Urak Lawoi koh Lanta

"Urak Lawoi, which means 'sea people,' takes its name from 'Urak' meaning 'people' and 'Lawoi' meaning 'sea.'

In the early days, their way of life was deeply connected to the sea, with boats serving as their homes. They have settled in the provinces of Satun, Krabi, and Phuket. Their initial settlement was in an area known as 'Satak,' which we call Koh Lanta. Koh Lanta is often considered the heart of the Urak Lawoi community.

This community's unique way of life is closely tied to the sea. They've passed down cultural wisdom through generations, enabling them to use and conserve natural resources in a sustainable manner. An essential part of their culture is the 'Pla Jak Boat Floating Ceremony,' performed to ward off misfortune and send their ancestors' spirits back to 'Kununghirai,' believed to be their homeland.

In the past, the Urak Lawoi people lived in the Kununghirai mountain range along the coastal area in the state of Kedah (Sai Buri). Over time, they ventured into Thai waters of the Andaman Sea. In the beginning, they lived a nomadic lifestyle, using wooden boats as their residences and vehicles. They would use kayaks or thatch for shelter on the boats or create temporary shacks on the beach during the monsoon season.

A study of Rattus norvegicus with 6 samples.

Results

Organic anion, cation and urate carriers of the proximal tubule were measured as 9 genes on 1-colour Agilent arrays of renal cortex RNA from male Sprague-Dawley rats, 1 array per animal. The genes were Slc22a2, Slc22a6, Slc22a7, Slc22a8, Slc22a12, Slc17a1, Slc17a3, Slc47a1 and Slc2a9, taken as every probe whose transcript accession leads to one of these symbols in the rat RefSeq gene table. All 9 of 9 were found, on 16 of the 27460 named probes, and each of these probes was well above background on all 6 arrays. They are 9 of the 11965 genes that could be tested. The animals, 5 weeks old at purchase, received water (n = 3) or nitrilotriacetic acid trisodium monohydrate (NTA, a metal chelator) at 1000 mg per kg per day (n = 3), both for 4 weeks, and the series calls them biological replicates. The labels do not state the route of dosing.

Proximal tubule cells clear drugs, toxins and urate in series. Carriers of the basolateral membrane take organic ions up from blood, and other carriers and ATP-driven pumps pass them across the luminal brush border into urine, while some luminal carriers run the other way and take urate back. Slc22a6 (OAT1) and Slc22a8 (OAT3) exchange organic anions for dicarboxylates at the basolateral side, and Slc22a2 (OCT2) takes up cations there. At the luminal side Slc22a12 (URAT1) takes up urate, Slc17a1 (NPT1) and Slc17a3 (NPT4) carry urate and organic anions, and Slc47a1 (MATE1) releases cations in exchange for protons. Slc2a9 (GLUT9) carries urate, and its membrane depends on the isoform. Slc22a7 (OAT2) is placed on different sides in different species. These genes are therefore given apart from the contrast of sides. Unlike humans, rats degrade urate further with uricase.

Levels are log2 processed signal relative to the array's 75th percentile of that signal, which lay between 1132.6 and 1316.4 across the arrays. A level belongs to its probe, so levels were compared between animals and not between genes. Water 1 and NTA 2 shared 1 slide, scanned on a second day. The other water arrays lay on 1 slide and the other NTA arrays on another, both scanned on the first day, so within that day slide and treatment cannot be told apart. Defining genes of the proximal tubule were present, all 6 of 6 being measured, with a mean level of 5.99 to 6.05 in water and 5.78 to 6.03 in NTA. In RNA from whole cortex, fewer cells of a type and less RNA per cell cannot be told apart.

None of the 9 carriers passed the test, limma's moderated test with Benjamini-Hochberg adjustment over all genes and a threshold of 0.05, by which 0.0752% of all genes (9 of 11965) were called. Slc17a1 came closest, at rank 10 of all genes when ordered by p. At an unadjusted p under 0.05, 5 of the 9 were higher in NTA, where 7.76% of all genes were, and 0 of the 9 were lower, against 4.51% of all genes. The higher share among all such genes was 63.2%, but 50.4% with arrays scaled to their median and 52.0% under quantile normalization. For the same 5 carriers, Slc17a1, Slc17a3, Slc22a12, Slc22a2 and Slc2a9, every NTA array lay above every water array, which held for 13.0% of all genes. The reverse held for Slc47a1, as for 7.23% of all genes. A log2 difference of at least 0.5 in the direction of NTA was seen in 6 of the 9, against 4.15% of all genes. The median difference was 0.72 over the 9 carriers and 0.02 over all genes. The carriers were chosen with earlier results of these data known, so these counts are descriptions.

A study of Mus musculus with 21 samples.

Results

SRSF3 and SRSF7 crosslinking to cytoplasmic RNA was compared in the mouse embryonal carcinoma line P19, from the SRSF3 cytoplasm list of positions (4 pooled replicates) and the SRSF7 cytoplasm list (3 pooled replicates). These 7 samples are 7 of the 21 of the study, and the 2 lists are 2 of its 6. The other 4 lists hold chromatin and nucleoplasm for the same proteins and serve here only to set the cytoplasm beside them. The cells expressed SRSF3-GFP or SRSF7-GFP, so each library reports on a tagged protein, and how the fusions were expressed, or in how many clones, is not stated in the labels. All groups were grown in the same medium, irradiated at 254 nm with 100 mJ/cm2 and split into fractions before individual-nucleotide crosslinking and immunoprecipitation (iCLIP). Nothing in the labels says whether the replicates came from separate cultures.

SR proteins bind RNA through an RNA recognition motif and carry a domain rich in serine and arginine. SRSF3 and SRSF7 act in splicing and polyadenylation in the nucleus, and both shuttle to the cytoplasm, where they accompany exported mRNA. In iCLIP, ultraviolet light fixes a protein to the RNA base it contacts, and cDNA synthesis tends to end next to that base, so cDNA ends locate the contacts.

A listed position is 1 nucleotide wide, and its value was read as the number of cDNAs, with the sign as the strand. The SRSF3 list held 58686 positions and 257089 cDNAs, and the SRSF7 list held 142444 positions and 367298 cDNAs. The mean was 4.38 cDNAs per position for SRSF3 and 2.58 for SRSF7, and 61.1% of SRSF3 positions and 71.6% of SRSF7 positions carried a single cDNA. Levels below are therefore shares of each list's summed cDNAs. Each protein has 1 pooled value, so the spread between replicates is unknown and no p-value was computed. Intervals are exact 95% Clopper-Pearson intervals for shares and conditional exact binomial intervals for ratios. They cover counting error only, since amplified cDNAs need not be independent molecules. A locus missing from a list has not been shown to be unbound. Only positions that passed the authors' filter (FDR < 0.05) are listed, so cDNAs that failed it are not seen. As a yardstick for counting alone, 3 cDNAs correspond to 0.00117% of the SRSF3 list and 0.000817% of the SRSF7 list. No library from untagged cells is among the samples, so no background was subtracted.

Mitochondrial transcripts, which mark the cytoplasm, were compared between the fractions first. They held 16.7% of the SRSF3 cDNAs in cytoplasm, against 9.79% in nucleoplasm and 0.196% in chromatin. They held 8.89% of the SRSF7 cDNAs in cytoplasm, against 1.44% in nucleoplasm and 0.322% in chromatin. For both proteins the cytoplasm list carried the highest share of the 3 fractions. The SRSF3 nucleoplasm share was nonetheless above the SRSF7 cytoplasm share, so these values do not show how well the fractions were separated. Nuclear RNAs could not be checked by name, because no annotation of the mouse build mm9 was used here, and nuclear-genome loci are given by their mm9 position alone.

Their survival depended on their skills in sailing around the islands, occasionally coming ashore to forage for wild resources. However, their primary source of sustenance came from hunting marine animals using simple tools like harpoons, prongs, and hooks. They possessed the remarkable ability to dive deep to spearfish, catch lobsters with their bare hands, and collect shellfish from the seabed.

Today, you can find the Urak Lawoi people settled in various locations, from Koh Siray, Rawai Beach, Laem La Nuea, and Ban Sapam in Phuket, to Koh Phi Phi, Koh Jum, Koh Pu, Koh Wai, and Koh Lanta Yai in Krabi province. They also inhabit Koh Adang, Koh Lipe, Koh Bulon, and Koh Rawi in Satun Province.

Their culture revolves around honoring their ancestors' spirits, and they believe in the influence of the supernatural on their way of life. The 'Tho Mor' plays a pivotal role in conducting various rituals, including the boat floating ceremony and vow-making ceremonies.

One of the most significant rituals among the Urak Lawoi people is the 'Ari Pajak' boat floating ceremony, held twice a year in the 6th and 11th months. On this special day at the beach, you'll find tambourines, songs, singing and dancing, and a range of festivities. It's a time of joyous celebration, as they come together to remove bad luck from their community and celebrate their important cultural traditions."